Courts, Not Arbitrators, Decide Gateway Issue of Class Proceedings

Employment Law

Who should decide the gateway issue of whether an arbitration agreement permits class proceedings? Courts, not arbitrators, the U.S. Court of Appeals for the Fifth Circuit has concluded, joining the Fourth, Sixth, Seventh, Eighth, Ninth and Eleventh Circuits.

Employees at 20/20 Communications, a national direct sales and marketing company, were required as a condition of employment to sign the company’s Mutual Arbitration Agreement. Among other provisions, the agreement contained a class arbitration bar under which employees agreed to bring only individual actions, and not class or collective actions, to arbitration.

Several field sales managers filed separate individual arbitration claims, later amending them to assert identical class claims. In response, 20/20 sought a declaration in federal court that the issue of class arbitrability is a gateway issue for the court—rather than the arbitrator—to decide, and that the class arbitration bar found in the agreements did in fact foreclose class arbitration.

After consolidating the action with a separate 20/20 appeal of an arbitrator’s decision that the class arbitration ban was unenforceable, the Fifth Circuit ruled in favor of the employer.

Ordinarily, courts must refrain from interfering with arbitration proceedings, the federal appellate panel wrote. However, certain threshold questions—such as if the parties dispute whether they in fact agreed to arbitrate at all—are considered “gateway” issues that presumptively must be decided by courts, not arbitrators.

While the U.S. Supreme Court has yet to weigh in on whether class arbitrability is such a gateway issue, every other federal circuit to consider the issue has answered in the affirmative, the Fifth Circuit said.

“We agree with our sister circuits and hold today that class arbitrability is a gateway issue for courts, not arbitrators, to decide, absent clear and unmistakable language to the contrary,” the panel wrote. “Like our sister circuits, we regard the decision to arbitrate a dispute as a class, rather than on an individual basis, as a threshold question of arbitrability, because class arbitrations differ from individual arbitrations in fundamental ways.”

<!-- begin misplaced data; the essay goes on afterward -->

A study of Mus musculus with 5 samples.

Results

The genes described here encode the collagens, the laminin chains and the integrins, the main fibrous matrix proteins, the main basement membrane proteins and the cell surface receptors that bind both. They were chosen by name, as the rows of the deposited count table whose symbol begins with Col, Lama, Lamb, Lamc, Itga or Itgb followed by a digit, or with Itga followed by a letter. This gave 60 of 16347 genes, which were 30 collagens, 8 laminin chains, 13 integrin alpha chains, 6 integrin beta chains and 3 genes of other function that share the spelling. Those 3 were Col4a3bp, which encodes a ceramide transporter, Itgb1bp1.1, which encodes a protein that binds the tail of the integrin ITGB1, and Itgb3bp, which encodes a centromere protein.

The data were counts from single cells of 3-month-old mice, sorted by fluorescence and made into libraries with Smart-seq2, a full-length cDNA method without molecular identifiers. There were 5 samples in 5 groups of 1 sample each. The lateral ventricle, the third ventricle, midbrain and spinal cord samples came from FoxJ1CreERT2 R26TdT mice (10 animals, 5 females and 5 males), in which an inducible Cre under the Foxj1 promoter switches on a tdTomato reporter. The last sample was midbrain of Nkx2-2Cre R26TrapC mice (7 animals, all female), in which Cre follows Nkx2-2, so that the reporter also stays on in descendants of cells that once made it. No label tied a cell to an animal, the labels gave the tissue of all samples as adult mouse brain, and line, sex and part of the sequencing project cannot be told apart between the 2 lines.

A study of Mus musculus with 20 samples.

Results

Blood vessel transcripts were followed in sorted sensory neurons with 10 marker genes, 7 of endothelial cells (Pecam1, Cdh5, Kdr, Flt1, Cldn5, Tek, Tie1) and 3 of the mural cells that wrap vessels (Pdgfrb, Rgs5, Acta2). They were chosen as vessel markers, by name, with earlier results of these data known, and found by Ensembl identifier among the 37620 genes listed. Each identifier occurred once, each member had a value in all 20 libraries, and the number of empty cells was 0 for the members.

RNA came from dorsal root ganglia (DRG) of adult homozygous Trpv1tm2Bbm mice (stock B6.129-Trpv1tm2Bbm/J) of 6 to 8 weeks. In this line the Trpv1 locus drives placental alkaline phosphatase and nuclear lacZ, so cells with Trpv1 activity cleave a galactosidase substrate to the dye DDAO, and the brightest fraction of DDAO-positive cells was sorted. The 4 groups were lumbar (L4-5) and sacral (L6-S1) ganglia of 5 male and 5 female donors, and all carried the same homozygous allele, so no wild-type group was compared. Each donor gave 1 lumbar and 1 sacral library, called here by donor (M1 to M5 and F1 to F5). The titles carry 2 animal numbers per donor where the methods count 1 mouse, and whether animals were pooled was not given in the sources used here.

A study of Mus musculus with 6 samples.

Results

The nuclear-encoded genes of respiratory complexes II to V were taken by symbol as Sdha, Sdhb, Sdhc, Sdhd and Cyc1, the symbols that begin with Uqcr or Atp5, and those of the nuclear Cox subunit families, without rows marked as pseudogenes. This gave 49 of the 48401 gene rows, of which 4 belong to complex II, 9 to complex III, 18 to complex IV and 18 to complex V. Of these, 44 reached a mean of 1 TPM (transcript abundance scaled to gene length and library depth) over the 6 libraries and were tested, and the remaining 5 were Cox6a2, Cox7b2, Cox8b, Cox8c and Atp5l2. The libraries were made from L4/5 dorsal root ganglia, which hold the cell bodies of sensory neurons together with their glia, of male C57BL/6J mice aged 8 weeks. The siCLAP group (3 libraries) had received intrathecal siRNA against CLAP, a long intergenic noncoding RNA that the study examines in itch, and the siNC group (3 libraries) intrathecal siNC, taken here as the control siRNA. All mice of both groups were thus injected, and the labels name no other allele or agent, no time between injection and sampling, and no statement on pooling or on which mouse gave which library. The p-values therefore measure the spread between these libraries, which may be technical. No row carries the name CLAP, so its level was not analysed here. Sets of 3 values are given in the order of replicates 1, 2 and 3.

A class action no longer purports to bind just the named parties, but adjudicates the rights of absent parties as well, the court explained; class actions also “dramatically increase not only the size but also the complexity of the dispute,” with implications for due process and the privacy and confidentiality of the parties involved.

Having determined that class arbitration is a gateway issue that must be presumptively decided by courts, not arbitrators, the Fifth Circuit then examined the arbitration agreement at issue to decide whether the parties clearly and unmistakably agreed to allow the arbitrator to determine that issue.

The agreement provided: “[T]he parties agree that this Agreement prohibits the arbitrator from consolidating the claims of others into one proceeding, to the maximum extent permitted by law. This means that an arbitrator will hear only individual claims and does not have the authority to fashion a proceeding as a class or collective action or to award relief to a group of employees in one proceeding, to the maximum extent permitted by law.”

This language not only operated to bar class arbitration to the maximum extent permitted by law, “but also to foreclose any suggestion that the parties meant to disrupt the presumption that questions of class arbitration are decided by courts rather than arbitrators,” the panel said. “After all, it is difficult for us to imagine why parties would categorically prohibit class arbitrations to the maximum extent permitted by law, only to then take the time and effort to vest the arbitrator with the authority to decide whether class arbitrations shall be available.”

Although the employees pointed to three different provisions in the agreement that they argued vested the arbitrator with various general powers, the court rejected each as lacking “the requisite clear and unmistakable language that arbitrators, rather than courts, shall decide questions of class arbitrability.”

“That language is, at best, in substantial tension with—and in any event, not clear and unmistakable support for—the notion that the parties authorized the arbitrator to decide the gateway issue of class arbitration,” the panel said, reversing and remanding the case.

To read the opinion in 20/20 Communications, Inc. v. Crawford, click here

Why it matters: The Fifth Circuit joined every other circuit to consider the issue and held that class arbitration is a gateway issue that must be decided by courts and not arbitrators, absent clear and unmistakable language in the arbitration agreement to the contrary. As the panel was unable to find such clear and unmistakable intent in the agreement at issue, it remanded the case for the district court to answer the question of whether the employees can proceed as a class.